It’s time for my stop on the Ultimate Blog Tour with The Write Reads for the Carnival of Ash.
Title: The Carnival of Ash
Author: Tom Beckerlegge
Publisher: Rebellion Publishing
Publication Date: 15th March 2022
Ownership: ARC provided through The Write Reads tours
Rating: 4.5 stars
About the Book
Cadenza is the City of Words, a city run by poets, its skyline dominated by the steepled towers of its libraries, its heart beating to the stamp and thrum of the printing presses in the Printing Quarter.
Carlo Mazzoni, a young wordsmith arrives at the city gates intent on making his name as the bells ring out with the news of the death of the city’s poet-leader. Instead, he finds himself embroiled with the intrigues of a city in turmoil, the looming prospect of war with their rival Venice ever-present. A war that threatens not only to destroy Cadenza but remove it from history altogether…
I think a few people have, quite rightly, found the style and genre of The Carnival of Ash quite different to how it’s being presented – less adult fantasy and more adult alternative history. But that definitely didn’t change my enjoyment of this novel, although I know it can be off-putting when you expect something to be one way and then it’s something completely different, and it’s not short either!
That being said, The Carnival of Ash brings emulates sixteenth or seventeenth century Venice, but in a city of words, where poets and novelists are lauded and a written denunciation can have fatal consequences.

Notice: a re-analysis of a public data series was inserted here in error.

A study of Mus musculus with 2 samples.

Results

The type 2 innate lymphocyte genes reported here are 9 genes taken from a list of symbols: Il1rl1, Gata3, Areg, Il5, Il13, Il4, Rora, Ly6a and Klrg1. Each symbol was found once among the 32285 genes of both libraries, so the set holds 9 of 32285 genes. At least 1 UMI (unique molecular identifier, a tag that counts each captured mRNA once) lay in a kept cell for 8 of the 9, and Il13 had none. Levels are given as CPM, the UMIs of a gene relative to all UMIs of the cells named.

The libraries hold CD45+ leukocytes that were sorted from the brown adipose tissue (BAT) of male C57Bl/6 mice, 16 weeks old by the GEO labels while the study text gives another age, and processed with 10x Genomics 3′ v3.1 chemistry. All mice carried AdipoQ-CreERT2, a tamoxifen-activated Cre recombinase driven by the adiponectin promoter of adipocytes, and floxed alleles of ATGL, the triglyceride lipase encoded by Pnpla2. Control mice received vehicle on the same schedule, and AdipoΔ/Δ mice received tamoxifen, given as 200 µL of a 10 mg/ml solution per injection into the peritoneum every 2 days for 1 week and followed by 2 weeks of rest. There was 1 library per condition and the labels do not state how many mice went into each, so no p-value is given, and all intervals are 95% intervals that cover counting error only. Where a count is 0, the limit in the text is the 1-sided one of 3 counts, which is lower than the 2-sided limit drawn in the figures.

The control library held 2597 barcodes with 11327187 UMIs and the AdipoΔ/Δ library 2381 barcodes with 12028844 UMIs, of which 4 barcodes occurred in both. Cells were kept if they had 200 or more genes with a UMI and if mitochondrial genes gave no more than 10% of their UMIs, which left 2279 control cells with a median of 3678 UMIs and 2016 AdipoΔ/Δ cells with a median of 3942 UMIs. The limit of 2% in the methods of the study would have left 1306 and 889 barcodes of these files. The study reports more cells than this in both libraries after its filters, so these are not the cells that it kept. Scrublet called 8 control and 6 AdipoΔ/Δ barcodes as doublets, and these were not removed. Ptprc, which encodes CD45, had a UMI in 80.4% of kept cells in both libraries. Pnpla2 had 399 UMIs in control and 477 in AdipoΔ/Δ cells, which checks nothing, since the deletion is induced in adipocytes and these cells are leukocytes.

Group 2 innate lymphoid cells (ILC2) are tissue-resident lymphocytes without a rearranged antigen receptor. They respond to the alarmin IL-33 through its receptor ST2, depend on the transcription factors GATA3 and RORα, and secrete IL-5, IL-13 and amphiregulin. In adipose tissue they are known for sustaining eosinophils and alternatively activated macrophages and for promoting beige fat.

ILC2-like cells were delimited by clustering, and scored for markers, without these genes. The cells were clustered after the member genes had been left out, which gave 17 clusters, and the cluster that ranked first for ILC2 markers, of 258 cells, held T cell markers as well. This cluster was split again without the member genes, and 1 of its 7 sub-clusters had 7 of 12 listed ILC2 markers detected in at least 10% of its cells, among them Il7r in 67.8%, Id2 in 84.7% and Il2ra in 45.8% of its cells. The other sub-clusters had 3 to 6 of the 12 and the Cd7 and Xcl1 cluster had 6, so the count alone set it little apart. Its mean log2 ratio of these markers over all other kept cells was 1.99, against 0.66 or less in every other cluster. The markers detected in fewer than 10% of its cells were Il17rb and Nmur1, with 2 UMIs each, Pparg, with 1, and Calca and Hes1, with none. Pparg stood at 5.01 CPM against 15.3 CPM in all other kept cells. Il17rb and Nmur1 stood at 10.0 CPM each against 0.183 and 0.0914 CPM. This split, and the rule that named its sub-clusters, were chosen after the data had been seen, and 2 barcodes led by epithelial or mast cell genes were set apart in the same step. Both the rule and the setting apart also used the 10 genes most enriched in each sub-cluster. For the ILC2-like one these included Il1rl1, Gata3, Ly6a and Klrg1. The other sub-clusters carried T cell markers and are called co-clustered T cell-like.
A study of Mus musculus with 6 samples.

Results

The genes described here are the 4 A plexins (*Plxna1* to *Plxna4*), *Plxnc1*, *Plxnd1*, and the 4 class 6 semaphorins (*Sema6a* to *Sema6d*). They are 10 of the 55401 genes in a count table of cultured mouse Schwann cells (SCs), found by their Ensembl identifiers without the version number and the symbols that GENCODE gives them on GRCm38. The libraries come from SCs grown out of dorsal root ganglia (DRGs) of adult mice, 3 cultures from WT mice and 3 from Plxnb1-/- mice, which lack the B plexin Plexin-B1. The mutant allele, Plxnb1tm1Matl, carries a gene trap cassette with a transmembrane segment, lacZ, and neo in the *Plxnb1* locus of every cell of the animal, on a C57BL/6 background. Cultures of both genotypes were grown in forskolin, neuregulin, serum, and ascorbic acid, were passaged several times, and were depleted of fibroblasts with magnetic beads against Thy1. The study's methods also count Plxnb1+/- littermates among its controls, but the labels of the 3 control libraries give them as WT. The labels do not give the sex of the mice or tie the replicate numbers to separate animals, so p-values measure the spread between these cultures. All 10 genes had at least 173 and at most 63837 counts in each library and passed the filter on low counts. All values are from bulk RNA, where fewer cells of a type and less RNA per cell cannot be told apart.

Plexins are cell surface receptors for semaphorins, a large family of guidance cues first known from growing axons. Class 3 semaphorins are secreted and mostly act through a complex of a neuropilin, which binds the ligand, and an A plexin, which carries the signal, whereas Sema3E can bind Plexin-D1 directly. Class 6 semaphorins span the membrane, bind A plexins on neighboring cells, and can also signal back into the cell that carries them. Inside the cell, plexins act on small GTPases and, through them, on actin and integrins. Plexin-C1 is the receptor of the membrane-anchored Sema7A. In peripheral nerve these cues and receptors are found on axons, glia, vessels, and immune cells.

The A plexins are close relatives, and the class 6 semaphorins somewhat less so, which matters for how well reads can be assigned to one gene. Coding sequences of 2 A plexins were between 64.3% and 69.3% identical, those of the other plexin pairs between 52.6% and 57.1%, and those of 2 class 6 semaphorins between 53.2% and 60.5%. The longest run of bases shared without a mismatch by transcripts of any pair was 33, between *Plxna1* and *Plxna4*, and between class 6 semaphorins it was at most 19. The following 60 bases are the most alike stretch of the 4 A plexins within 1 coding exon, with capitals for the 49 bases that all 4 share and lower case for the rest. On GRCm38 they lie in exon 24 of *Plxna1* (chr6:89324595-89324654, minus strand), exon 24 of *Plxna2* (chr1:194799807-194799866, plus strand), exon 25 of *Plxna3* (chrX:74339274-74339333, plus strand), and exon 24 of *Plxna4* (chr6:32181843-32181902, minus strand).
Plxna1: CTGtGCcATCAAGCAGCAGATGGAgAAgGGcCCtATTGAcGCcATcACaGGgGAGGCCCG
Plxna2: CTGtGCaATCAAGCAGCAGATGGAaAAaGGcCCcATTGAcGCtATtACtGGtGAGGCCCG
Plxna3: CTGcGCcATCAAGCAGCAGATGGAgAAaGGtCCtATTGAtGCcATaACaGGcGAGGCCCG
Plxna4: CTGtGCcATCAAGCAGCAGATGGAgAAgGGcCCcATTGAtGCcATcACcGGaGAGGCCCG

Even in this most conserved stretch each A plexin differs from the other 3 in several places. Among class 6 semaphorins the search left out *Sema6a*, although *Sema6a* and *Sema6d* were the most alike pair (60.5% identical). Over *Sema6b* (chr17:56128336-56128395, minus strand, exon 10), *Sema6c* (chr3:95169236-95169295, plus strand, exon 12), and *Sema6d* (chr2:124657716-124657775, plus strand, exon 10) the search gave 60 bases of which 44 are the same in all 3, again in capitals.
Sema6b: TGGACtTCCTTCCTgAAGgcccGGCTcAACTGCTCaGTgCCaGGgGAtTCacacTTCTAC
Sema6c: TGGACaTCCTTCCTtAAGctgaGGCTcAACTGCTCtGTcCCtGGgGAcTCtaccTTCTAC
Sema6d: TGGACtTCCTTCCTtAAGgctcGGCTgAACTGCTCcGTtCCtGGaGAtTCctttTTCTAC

The love for literature, libraries and words in this book is reminiscent of Carlos Ruis Zafón’s works, but with a little of the tongue in cheek nod to the kind of literature that comes in Jasper Fforde’s Thursday Next series. There are lots of references to ancient libraries and texts, their dispersal, copying and destruction, as well as that quirky literary feel of things being a little surreal (I chuckled at a counter-group called The Plagiarists and at the melodramatic dialogue between Carlo Mazzoni and Ercole in the First Canto).
Although not to everyone’s taste, perhaps, I loved the creation of ‘ink maids’ – notorious but anonymous female writers who send letters with fetished content at the request and payment of their patrons. I don’t know if you’ve come across Anais Nin’s writing before, or the reason why she was producing her erotica, but the ink maids are really reminiscent of that. In a city where not just words have power, but literature does too. The intense objectification of women (sometimes in very graphic ways) will also (quite rightly) not be for everyone – but perhaps this is another way in which the city begins to crumble …
From Duelling Dukes to shadowy chancellors, the literature of Cadenza begins to weave the city and the narrative together, and I enjoyed watching out for characters that would appear in later Cantos, with each character or group offering their own part of the story, as well as contributing (sometimes in very small ways) to that bigger picture.
I think there’s a risk with any book that is a homage to literature that it can be a bit ‘up itself’ – basically that the author wants to prove how well-read they are by showing everything they know (hey look, maybe I did the same above). I didn’t actually find that with this book, though – instead I trusted the author’s knowledge, and enjoyed meeting the rag-tag bunch of farcical characters that brought the story together and added depth and body to the city of Cadenza itself.
What can I say? It worked for me! But if you treat it as fantasy, rather than historical/alternate fiction, you may walk away disappointed.
I received an ARC of this book from the publisher in conjunction with The Write Reads for their ultimate blog tour.